A Jewish charity which cares for gravely ill children has extended its services to include serious mental health conditions.
Camp Simcha made the announcement this week following a successful pilot scheme during the pandemic.
Its Chief Executive Neville Goldschneider said: “Throughout the past 18 months we have worked collaboratively” with communal organisations such as the Jewish Leadership Council, JAMI, Norwood and Noa Girls, to ease pressures on mental health provision in the last two years.
“Families we have supported via the pilot project particularly referenced the huge benefits of services such as our Family Liaison Officer support; sibling art sessions and group; volunteers for siblings, as well as family support and respite activities.”
He added the charity is “expanding our team to meet this increased service need, beginning with a new mental health professional, clinical psychologist Lauren Topper, to oversee the service delivery and provide ongoing training and support.
“We will also continue to work collaboratively with all other organisations in order to avoid duplication and maximise impact.”
Talia Price, whose family was supported in pilot scheme, said Camp Simcha had helped during the difficult last year-and-a-half.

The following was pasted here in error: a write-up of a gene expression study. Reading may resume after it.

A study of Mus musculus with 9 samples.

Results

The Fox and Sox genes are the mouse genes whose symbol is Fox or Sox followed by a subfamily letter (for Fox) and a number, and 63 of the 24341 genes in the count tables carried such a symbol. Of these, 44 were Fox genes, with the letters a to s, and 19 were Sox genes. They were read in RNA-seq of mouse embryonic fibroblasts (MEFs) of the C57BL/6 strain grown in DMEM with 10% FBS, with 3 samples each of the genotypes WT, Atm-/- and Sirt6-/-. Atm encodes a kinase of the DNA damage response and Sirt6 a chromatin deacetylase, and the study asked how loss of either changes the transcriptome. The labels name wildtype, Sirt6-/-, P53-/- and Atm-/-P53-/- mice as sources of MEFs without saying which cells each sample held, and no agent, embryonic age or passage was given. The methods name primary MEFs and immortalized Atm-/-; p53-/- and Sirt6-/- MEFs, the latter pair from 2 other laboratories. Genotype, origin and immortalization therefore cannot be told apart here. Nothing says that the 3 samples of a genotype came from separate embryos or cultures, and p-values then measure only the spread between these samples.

“My son has been in hospital for 2 years now. Prior to this, looking after him at home has had devastating effects on my husband’s health and mine.
“It was very tough to not be able to visit the hospital during lock-down but I am very grateful to Camp Simcha for the one-to-one with my family liaison officer, going for walks and meeting up outdoors. The family days outs and arts sessions for my younger son were a lifeline, plus the art and relaxation programmes for me were life-changing, a real emotional boost.”
JLC co-chief executive Claudia Mendoza said: “From the work we have been doing with organisations focusing on this issue, it is clear that there is a huge need for this service and we are delighted that Camp Simcha will bring its own unique form of whole family pastoral support to help so many families who need them.”
Families who have a child with a serious mental health condition with a significant impact on the family, are eligible for the scheme.